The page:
10 Whitetail Hunting Myths You Might Still Believe, But Shouldn’t


10 Whitetail Hunting Myths You Might Still Believe, But Shouldn’t

There’s an abundance of myths – or “fake news” – going around the world today, and that includes the deer hunting world as well. These myths might be rooted in some version of truth, however they’re typically based on extreme cases, small sample sizes, and false information. Moreover, some hunters may not be able to come to grips with the fact their grandfather’s deer hunting knowledge may have contained a bit of hot air. So, we decided to punch some holes in these age-old whitetail hunting myths.

Full disclosure, I admit I’ve believed in more than half of these at some point in my life. But a little research and education fixed that, and I’m now a better hunter because of it! The  bottom line is, don’t be afraid to question something or reach out and ask another hunter who has more experience. You never know when one little kernel of information will turn into a freezer full of deer meat!

1. Myth: Buck-to-doe ratios get out of whack and can reach seven or eight does per buck

You may have heard another hunter complain about his 1:10 buck-to-doe ratio being stacked against him. Well, just know it’s extremely difficult to accurately determine a ratio higher than 1:5.

2. Myth: A buck will completely vacate the county when spooked by a deer hunter

Whitetail Hunting Myths

There are a number of studies out there which actually suggest the opposite. Instead, deer will likely avoid traveling during daylight hours, confine themselves to smaller core areas, and won’t venture too far from bedding locations when hunting pressure ramps up. But they won’t necessarily run for the hills the second they see you walking in the woods.

3. Myth: Deer don’t see in color

4. Myth: When a buck’s lips curl, he’s scent checking for does to see if they’re in estrus

Whitetail Hunting Myths

When a buck makes a face like the image above, any urine scent coming from a doe passes across the vomeronasal organ (Jacobson’s organ) located on the roof of the buck’s mouth. This actually confirms the myth is false because that particular organ doesn’t lead to the decision-making part of a deer’s brain. Instead, it controls the physiological and reproductive responses, so by lip curling it’s preparing its body for peak breeding status.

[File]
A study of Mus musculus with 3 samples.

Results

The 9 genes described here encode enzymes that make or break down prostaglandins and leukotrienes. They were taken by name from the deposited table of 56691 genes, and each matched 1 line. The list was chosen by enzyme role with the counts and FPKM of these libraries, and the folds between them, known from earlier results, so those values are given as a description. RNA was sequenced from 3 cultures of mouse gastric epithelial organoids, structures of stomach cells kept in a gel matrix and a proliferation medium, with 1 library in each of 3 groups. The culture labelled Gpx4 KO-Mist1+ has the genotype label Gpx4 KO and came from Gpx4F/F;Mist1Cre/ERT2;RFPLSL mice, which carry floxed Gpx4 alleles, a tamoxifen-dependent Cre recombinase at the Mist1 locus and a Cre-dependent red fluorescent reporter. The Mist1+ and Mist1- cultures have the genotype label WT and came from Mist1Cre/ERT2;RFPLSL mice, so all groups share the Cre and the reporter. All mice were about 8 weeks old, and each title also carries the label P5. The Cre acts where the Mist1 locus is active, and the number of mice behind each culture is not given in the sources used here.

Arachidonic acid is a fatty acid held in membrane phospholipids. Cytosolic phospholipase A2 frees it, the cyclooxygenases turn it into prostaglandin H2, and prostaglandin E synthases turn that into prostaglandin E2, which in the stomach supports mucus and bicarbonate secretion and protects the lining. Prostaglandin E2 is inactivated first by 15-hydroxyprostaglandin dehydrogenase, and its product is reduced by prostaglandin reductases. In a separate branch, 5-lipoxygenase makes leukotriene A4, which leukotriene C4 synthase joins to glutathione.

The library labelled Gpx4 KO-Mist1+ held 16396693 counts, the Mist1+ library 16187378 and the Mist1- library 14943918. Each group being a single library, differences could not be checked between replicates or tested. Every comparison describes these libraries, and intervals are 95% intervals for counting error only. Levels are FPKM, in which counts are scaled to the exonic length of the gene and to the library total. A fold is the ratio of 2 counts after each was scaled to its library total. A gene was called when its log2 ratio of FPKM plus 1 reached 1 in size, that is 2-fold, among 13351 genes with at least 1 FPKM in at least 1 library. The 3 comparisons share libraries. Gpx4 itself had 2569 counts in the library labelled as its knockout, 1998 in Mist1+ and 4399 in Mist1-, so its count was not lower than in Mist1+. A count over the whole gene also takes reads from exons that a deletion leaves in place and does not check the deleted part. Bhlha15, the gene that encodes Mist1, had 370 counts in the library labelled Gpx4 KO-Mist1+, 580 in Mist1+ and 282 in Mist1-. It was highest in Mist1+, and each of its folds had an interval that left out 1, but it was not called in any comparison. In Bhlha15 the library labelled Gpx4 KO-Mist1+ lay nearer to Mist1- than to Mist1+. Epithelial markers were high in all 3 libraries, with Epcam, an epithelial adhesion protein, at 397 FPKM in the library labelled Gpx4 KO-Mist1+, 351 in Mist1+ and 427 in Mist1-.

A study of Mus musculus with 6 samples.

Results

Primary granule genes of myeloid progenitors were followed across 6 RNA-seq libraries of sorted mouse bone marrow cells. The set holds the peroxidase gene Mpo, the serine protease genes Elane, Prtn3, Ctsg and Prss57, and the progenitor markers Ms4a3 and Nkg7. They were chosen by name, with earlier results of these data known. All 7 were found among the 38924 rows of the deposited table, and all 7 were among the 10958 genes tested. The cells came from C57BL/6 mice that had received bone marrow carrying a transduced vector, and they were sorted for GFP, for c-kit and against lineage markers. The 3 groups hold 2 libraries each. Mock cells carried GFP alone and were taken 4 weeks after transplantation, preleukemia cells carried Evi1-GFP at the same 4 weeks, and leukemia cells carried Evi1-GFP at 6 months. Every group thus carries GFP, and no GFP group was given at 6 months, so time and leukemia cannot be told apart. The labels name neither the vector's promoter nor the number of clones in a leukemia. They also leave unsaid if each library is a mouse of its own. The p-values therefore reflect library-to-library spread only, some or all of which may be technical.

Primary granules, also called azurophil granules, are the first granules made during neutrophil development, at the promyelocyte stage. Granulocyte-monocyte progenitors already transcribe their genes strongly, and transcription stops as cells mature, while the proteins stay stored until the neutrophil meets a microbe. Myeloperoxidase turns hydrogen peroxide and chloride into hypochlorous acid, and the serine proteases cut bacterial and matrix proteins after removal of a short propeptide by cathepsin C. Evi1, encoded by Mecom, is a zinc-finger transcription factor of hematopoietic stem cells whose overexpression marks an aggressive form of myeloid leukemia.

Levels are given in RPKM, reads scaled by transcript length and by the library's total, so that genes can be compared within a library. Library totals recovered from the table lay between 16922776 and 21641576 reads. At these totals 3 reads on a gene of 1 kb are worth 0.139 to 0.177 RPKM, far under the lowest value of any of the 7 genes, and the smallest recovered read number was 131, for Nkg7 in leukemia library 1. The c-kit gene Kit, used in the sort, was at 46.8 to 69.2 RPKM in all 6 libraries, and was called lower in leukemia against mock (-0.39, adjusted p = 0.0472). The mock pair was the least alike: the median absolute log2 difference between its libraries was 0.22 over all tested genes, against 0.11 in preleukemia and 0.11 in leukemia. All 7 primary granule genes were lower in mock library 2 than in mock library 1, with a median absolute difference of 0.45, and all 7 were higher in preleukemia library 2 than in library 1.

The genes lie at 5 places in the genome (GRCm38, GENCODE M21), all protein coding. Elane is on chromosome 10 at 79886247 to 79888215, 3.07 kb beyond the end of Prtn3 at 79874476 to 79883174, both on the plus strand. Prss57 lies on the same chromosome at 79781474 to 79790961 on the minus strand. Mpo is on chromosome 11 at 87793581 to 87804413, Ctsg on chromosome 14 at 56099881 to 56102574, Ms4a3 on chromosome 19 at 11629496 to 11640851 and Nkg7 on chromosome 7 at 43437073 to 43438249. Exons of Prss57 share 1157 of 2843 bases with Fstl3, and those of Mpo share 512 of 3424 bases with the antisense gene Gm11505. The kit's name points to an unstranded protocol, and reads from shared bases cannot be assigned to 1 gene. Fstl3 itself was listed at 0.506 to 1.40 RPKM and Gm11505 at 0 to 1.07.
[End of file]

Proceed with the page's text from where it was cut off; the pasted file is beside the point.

5. Myth: The dominant bucks breed all the does

6. Myth: Culling deer significantly improves overall antler production in wild deer populations

This one should be screaming off the page at you, because it is virtually impossible to have any influence on antler production by taking out “bad genetics” in bucks. If you really want to see big bucks on your property, focus on things you have control over. Let deer get older and feed them more nutrients that will support healthy antler growth.

7. Myth: The October Lull is real

This is a popular one hunters complain about each year, but it’s really nothing more than a misunderstanding. See, study after study has pointed to the fact that deer movement doesn’t magically decrease during the month of October. The real reason hunters see fewer deer during this time is because deer switch things up themselves and transition from summer to fall ranges between mid-September and early October. They’re also in search of fall food sources which takes them away from the areas where you might have been seeing them leading up to the season. For this reason, hunters must constantly adapt too.

8. Myth: Bigger bucks have bigger home ranges

9. Myth: You can tell the size of the buck by the size of a rub

Whitetail Hunting Myths

There is still much to learn about rubs and rubbing behavior, but experts now recognize deer use them as a way to communicate with one another. Both bucks and does.

10. Myth: A spike will always be a spike

It was often thought that young basket rack bucks or spikes will never grow big antlers. Some hunters who place a premium on big antlered deer believe these “inferior genetics” should be thinned out of the herd. However, it’s been proven the primary factor leading to giant antlers is time. Eventually, with time, that spike on your trail cam will morph into a trophy-quality buck.

Learning from individuals who have extensive experience in the woods is something all hunters should take advantage of. Just be wary and mindful that relying on one man’s hunting beliefs could seriously hamper your success. Venture out of your comfort zone and switch things up. Try new approaches and fail over and over. That’s how you will learn, and ultimately become a better hunter!